PJ Media

Economist: Dodd-Frank Has Created a ‘Path of Least Resistance’ for Bank Bailouts

WASHINGTON – A group of top economists said a law intended to prevent future bailouts for big banks has only institutionalized the practice, while failing to address the problems that led to the financial crisis of 2008.

The 2010 Dodd-Frank legislation mandated hundreds of major regulations to control risky financial activities, with the aim of preventing a repeat of the taxpayer bailouts of “too big to fail” financial institutions.

Many experts have concluded that Dodd-Frank has worsened the too-big-to-fail problem by expanding capital requirements that contributed to the 2008 financial crisis by allowing banks to use arbitrary measures of risk, leading them to hold capital that did not have the same loss-absorbing capacity as equity. Since the late 1980s, federal regulators have required banks to hold a certain amount of capital (such as equity) based on the amount of money they lend to customers and the securities they hold (the bank’s assets). These rules are intended to force banks to build a cushion against unexpected losses.

Charles Calomiris, an economics professor at Columbia University’s Graduate School of Business, said Dodd-Frank has established an “explicit process” for bailing out a too-big-to-fail institution.

“Unfortunately, Title II of Dodd-Frank institutionalized the bailouts of too-big-to-fail banks rather than avoiding them. It did that because it creates a political path of least resistance for politicians to bail out the large banks,” Calomiris said at a panel hosted by the Heritage Foundation. “In fact, it not only creates the actual process through which that would happen, but even funds it through a special new tax.”

Dodd-Frank’s Title II gives the Treasury Department and the Federal Deposit Insurance Corp. (FDIC) the authority to “liquidate” financial companies. The financial reform law permits bailouts through the law’s resolution authority provision. This bailout would be financed by taxes on surviving banks, and if these funds are insufficient, then by taxpayer money.

To ensure resiliency in the financial system, Dodd-Frank regulations should be replaced by measures requiring large banks to increase their capacity to deal with losses, Calomiris said. This could be done by substantially raising the minimum ratio of the book value of their equity relative to the book value of their assets. In other words, require banks to increase their capital reserves.

In addition to higher equity requirements, Calomiris said requiring banks to issue contingent convertible bonds – a form of debt that would convert to equity if the market value of this debt relative to assets drops to a certain minimum – could impose market discipline on banks and, in the event of a financial crisis, allow them to raise new capital quickly.

Dodd-Frank created the Financial Stability Oversight Council (FSOC) to oversee and identify risks in the financial system. If FSOC finds that financial institutions create “systemic risks” and threaten financial stability, it can designate these firms systemically important and require them to satisfy enhanced capital, leverage, liquidity, and supervision requirements similar to those that Dodd-Frank prescribes for large banking institutions.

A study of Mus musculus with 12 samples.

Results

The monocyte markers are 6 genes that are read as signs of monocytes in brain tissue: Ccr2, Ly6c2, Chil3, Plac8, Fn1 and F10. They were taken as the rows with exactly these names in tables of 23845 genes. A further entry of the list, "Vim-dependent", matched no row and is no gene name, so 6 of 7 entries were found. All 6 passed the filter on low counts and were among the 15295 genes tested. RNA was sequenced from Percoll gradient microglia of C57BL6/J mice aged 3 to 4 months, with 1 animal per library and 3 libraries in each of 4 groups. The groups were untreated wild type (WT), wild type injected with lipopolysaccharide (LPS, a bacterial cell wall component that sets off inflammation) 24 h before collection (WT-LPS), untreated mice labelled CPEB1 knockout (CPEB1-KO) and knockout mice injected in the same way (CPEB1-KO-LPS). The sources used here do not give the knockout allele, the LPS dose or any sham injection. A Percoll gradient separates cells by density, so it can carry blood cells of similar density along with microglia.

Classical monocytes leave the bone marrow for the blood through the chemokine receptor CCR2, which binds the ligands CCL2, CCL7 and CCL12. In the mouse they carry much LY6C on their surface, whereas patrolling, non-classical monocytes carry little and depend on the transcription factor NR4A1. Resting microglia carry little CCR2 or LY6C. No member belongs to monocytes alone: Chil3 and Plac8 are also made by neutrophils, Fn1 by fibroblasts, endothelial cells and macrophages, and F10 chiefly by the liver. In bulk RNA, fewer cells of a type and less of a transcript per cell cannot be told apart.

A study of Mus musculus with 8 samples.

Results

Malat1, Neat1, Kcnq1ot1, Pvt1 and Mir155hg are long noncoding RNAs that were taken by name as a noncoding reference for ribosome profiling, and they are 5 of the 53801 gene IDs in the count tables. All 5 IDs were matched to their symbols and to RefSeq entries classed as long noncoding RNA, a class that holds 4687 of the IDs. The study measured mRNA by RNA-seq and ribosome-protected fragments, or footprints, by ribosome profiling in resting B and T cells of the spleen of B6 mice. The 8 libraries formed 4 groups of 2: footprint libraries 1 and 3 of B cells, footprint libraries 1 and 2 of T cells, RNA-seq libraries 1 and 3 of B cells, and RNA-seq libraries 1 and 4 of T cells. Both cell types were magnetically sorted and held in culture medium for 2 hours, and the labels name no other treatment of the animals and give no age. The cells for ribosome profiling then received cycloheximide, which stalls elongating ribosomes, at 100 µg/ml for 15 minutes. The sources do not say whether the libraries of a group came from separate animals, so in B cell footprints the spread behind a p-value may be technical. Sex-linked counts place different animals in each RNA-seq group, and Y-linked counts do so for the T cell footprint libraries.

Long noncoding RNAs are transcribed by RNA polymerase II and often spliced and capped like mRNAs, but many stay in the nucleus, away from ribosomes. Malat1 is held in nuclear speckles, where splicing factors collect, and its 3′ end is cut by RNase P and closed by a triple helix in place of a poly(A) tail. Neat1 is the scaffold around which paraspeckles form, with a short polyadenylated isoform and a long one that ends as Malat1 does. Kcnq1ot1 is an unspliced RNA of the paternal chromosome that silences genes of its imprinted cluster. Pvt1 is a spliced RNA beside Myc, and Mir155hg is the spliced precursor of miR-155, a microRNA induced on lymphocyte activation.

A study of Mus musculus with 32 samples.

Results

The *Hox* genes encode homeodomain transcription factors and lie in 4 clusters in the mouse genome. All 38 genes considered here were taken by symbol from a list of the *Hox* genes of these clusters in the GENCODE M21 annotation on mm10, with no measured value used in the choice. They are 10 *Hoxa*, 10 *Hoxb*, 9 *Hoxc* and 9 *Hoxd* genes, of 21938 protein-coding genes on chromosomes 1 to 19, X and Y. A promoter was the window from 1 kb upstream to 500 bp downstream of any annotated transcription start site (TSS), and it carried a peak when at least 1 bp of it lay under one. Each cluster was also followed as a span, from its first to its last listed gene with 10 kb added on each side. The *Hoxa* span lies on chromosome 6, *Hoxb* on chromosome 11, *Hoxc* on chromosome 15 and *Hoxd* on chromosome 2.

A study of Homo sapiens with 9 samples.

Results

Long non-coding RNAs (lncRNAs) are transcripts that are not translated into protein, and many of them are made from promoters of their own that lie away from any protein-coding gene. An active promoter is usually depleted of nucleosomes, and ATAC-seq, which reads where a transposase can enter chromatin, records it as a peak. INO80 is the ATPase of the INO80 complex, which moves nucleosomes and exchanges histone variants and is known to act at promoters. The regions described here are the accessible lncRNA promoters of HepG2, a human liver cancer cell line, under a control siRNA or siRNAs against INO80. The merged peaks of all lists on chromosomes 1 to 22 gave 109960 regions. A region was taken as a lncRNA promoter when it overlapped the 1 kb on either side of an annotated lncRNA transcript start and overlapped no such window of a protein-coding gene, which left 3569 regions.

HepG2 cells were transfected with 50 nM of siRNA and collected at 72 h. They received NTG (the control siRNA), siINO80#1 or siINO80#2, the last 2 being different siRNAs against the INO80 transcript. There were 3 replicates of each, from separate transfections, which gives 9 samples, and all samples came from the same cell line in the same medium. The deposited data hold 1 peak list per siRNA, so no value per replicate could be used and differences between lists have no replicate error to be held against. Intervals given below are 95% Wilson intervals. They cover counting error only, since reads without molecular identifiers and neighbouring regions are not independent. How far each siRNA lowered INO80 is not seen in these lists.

“What we know from the way regulators behave does not give us a lot of confidence to believe that the FSOC is going just by virtue of its existence to change much about credible discipline of large banks when you need it, which is during bad economic times,” Calomiris said.

He said FSOC does not present a very serious commitment to reining in “too big to fail” because politicians and regulators will continue to have strong incentives during bad times to “forebear”– or allow troubled banks to continue operating by “not recognizing losses in a very transparent or proactive way.”

Calomiris said banks and their regulators often find it convenient to understate expected loan losses, and thereby overstate equity values. Banks have the incentive not to recognize loan losses because doing so might require them to raise more capital, which they can do through various ways, such as issuing new equity or retaining earnings.

Similarly, regulators also have the incentive to ignore losses because it is inconvenient for politicians. This problem is exacerbated when equity requirements are expressed relative to “risk-weighted assets,” which allow banks and regulators to determine which kind of investments are safe and have a lower capital requirement and which are risky and require more capital to back them.

Even if the book value of equity was honestly being accounted for to be considered an accurate measure of the health of a bank, Calomiris said book value of capital is not a very precise indicator of a modern bank’s health because items that lie off their balance sheets, such as securities, drive most of its cash flows. This makes the job of regulators much harder when trying to assess the right level of capital a bank should hold to be considered healthy.

Mark Flannery, an economist at the University of Florida, said fixing capital requirements is unlikely to end the too-big-to-fail problem because they are tied to book capital measures, which are easily manipulated by banks.

“The regulations were all written in terms of book value. A banker can always say to look at its book capital ratio showing that it’s adequately funded,” Flannery said. “So now the supervisors have to…discredit the accounting numbers. Not that it can’t be done, just that it’s a long process.”

He said supervisors have been put in an extremely difficult position by being tasked with trying to take steps for the dispersed good of maintaining a healthy financial system, while imposing costs on a limited number of people (the bank’s shareholders).